Collation next week plans to unveil the latest revision of its application resource mapping software, which the company says can now handle larger customer networks and share data across multiple management domains.
Confignia 3.0 is software that helps IT managers map can map the components and interdependencies among the databases, switches, routers, load balancers, Web and application servers that comprise an application environment. The software also records configurations and tracks changes made. The software can automatically discover the IT components and resources an application uses and keep an up-to-date database of those relationships.
"Confignia's automatically generated application maps eliminate the last manual process in generating custom workflows associated with business processes," says Ken Rutsky, vice president of marketing.
Confignia runs on a Solaris server and uses standard protocols such as SNMP, Java Management Extension, HTTP and SQL to query network devices, databases, load balancers, security devices, and Web and application servers for configuration data.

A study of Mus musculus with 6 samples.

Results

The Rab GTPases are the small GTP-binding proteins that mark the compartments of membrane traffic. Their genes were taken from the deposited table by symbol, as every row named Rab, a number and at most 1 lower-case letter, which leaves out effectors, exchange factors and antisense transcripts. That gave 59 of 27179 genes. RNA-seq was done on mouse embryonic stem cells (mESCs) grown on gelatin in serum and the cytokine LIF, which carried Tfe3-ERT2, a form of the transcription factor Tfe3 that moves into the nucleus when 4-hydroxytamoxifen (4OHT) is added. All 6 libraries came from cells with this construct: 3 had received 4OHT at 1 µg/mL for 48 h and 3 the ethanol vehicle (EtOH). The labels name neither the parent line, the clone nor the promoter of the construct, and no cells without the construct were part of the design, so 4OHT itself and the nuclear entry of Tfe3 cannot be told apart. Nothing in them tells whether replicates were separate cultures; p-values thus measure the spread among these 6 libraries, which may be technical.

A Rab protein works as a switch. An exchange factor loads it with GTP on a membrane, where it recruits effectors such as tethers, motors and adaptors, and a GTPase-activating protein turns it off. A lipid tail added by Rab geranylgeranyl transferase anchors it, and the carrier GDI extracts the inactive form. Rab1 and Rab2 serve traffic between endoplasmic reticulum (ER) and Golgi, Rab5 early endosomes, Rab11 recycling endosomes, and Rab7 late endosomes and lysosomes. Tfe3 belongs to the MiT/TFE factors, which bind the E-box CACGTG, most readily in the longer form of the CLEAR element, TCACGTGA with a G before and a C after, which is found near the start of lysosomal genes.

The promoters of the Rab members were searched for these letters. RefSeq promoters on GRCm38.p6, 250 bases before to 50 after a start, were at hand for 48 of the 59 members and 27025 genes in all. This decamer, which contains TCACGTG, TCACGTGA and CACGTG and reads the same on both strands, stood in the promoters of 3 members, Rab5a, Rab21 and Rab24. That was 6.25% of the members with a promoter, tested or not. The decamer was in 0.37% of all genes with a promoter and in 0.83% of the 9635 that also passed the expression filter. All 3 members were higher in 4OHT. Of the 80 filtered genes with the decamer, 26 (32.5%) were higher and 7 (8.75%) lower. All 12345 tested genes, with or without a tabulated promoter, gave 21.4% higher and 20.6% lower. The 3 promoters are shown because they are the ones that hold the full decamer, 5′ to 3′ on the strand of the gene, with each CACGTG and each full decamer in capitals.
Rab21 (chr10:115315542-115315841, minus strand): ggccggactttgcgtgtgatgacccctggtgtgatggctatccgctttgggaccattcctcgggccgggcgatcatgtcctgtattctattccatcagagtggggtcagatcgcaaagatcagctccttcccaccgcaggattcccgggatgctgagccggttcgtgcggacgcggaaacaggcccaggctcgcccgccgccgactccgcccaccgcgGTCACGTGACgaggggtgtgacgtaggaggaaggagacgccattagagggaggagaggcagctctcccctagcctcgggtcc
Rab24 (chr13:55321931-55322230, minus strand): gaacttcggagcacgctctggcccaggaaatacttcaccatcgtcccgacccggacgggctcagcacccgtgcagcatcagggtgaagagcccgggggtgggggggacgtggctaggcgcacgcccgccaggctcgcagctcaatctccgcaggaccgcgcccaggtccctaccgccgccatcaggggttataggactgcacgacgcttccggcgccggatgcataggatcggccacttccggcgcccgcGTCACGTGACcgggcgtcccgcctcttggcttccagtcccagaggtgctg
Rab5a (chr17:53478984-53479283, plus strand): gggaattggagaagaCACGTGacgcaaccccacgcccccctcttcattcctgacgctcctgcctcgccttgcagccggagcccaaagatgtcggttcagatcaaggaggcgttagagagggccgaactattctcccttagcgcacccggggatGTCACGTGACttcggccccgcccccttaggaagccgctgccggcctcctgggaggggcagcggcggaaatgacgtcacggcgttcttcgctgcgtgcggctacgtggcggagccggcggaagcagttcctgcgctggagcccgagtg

Collation upgraded this release to share data among multiple Confignia servers. For example, one server would monitor an application such as online ordering, and another server could be in use by the same customer to manage a payroll application. In the past, the two databases couldn't share data to compare if, say, the rate of online orders impacts how quickly the payroll application runs, if they share common IT resources.
Now Collation added what it calls Confignia Domain Manager, which is a database that can now be accessed using Confignia APIs and software development kit. This addition enables customers to share data among Collation products as well as with third-party vendor and custom homegrown applications. Rutsky says this data-sharing capability will help customer use Confignia in large enterprise deployments.
"The ability to collect data from multiple management domains will help customers compare data across the entire infrastructure," Rutsky says.
With this release, Collation also added to Confignia support for business applications built on .Net, J2EE, and custom application platforms and running on all major Windows, Unix, and Linux platforms.
Collation also partners with companies such as Compuware and Micromuse, which use its Confignia software to discover application topologies in their respective management products. Collation competes most with Mercury Interactive since its acquisition of Appilog last year, but also runs into products from the likes of mValent, Relicore and Troux Technologies.
Confignia 3.0 is generally available now, and pricing starts at about US$100,000, depending on the customer implementation.